Blood Samples as a Monitoring Tool

Blood samples can be taken to measure blood glucose concentrations.

Measuring blood glucose

1. Collect a venous blood sample from a peripheral vein into a suitable tube.

2. Collect a drop of capillary blood from the ear (pinna), or sometimes a carpal pad or a footpad, and analyse this using a hand-held blood glucose meter (glucometers).

  • Readings may vary by as much as 15% from samples submitted to the laboratory.
  • Hand-held glucometers are reasonably accurate.

If a reading seems unusual or does not match the clinical signs, a second reading should be taken or another method used to confirm the blood glucose concentration.

3. A number of new methods are being tested. These include continuous, less invasive methods of glucose testing, such as using a glucose sensor placed under the skin to record several hundred blood glucose concentrations over a two- to three-day period. This type of device has been tested in diabetic cats.

More information

See Publications:

  • Wess G, Reusch C (2000). Capillary blood sampling from the ear of dogs and cats and use of portable meters to measure glucose concentration.
  • Casella M, Wess G, Reusch CE (2002). Measurement of capillary blood glucose concentrations by pet owners: a new tool in the management of diabetes mellitus. J Am Anim Hosp Assoc. 2002 May-Jun; 38(3): 239-45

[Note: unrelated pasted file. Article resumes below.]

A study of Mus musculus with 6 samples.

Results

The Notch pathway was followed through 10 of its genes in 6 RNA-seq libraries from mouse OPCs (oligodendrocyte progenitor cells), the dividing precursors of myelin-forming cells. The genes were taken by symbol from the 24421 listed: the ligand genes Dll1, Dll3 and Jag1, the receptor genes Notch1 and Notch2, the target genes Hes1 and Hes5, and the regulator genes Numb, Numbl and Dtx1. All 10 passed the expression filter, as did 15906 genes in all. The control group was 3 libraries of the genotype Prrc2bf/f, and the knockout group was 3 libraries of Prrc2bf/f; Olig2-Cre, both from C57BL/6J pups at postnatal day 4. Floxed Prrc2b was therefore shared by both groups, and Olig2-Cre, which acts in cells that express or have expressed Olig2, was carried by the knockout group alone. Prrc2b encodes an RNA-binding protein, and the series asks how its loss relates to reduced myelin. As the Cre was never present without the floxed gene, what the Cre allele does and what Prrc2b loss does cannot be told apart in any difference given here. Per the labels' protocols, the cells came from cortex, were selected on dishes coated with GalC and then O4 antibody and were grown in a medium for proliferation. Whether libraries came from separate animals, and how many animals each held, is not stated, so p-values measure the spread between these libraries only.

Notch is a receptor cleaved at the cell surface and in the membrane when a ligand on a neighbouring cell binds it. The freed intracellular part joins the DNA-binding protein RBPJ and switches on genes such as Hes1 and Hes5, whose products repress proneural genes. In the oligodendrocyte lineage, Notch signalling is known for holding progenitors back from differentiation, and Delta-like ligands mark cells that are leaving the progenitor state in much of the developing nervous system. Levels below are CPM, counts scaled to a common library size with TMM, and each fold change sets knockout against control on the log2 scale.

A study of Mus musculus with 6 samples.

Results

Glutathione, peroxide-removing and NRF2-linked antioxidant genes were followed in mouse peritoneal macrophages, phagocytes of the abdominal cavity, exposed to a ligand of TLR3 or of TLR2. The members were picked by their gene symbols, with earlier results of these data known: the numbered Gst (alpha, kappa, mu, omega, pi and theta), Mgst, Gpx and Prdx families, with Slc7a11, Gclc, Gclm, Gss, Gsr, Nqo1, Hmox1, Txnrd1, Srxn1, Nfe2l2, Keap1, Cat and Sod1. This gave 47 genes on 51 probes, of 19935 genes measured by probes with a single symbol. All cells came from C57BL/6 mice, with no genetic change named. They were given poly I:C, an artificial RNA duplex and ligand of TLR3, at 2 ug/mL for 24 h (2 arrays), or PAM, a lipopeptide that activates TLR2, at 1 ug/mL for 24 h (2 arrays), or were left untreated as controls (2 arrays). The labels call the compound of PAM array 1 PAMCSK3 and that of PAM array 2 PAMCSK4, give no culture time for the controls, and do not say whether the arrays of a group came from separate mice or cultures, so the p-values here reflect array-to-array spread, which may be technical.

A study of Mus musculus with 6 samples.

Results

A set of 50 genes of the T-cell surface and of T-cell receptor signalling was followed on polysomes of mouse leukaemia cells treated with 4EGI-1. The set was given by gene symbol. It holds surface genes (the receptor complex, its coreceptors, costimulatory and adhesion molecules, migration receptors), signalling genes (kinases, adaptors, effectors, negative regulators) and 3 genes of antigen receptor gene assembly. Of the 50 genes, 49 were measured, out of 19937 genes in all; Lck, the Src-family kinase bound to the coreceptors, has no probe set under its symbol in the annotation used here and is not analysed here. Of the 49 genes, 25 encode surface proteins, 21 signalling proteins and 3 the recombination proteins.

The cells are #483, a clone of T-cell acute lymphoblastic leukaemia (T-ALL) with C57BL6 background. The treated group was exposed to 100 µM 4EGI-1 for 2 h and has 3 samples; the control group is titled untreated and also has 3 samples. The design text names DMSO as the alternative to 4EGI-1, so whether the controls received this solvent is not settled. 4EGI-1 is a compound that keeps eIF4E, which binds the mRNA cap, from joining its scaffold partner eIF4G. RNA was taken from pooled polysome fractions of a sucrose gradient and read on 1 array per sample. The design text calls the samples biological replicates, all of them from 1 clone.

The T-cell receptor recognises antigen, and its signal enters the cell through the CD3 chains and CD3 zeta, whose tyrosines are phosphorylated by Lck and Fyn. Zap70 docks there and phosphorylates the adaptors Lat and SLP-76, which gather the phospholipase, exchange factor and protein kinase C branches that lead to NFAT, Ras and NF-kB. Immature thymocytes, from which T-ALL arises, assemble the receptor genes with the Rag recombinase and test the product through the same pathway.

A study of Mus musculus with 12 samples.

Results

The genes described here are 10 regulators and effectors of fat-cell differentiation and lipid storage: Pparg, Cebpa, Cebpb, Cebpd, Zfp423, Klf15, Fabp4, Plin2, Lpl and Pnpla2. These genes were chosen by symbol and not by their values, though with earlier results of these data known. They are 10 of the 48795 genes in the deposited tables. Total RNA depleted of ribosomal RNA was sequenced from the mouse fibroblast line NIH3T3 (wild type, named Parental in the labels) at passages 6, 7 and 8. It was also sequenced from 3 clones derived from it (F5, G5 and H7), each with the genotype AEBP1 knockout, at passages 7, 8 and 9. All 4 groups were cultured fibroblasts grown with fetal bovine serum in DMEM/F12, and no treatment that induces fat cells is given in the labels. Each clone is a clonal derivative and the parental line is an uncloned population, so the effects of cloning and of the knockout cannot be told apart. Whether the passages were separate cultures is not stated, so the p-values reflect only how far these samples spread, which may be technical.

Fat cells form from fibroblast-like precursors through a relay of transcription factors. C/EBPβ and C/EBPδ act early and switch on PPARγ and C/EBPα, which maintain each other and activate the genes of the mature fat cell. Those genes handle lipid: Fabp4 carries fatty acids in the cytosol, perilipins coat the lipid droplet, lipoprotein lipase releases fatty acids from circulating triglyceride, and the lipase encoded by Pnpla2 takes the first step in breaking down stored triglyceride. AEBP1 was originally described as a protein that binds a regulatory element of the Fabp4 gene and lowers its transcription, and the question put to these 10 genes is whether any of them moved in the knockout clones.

Single blood glucose measurements

A single blood sample for glucose measurement can be taken at the time that the blood glucose nadir (lowest concentration is expected). This is particularly used after a dose increase to check that the new dose is not producing hypoglycaemia. The time to blood glucose nadir is different in each animal. Thus, taking a single sample between 6 and 10 hours after insulin administration is not always going to be appropriate. It is not advisable to use single blood glucose measurements as a method of monitoring the efficacy of the insulin dose.

A more accurate way of monitoring the efficacy of treatment is to produce a blood glucose curve.

Blood Samples to monitor Diabetic Dogs and Cats

Single blood glucose measurements are thus most appropriate in animals where the time of blood glucose nadir has been established.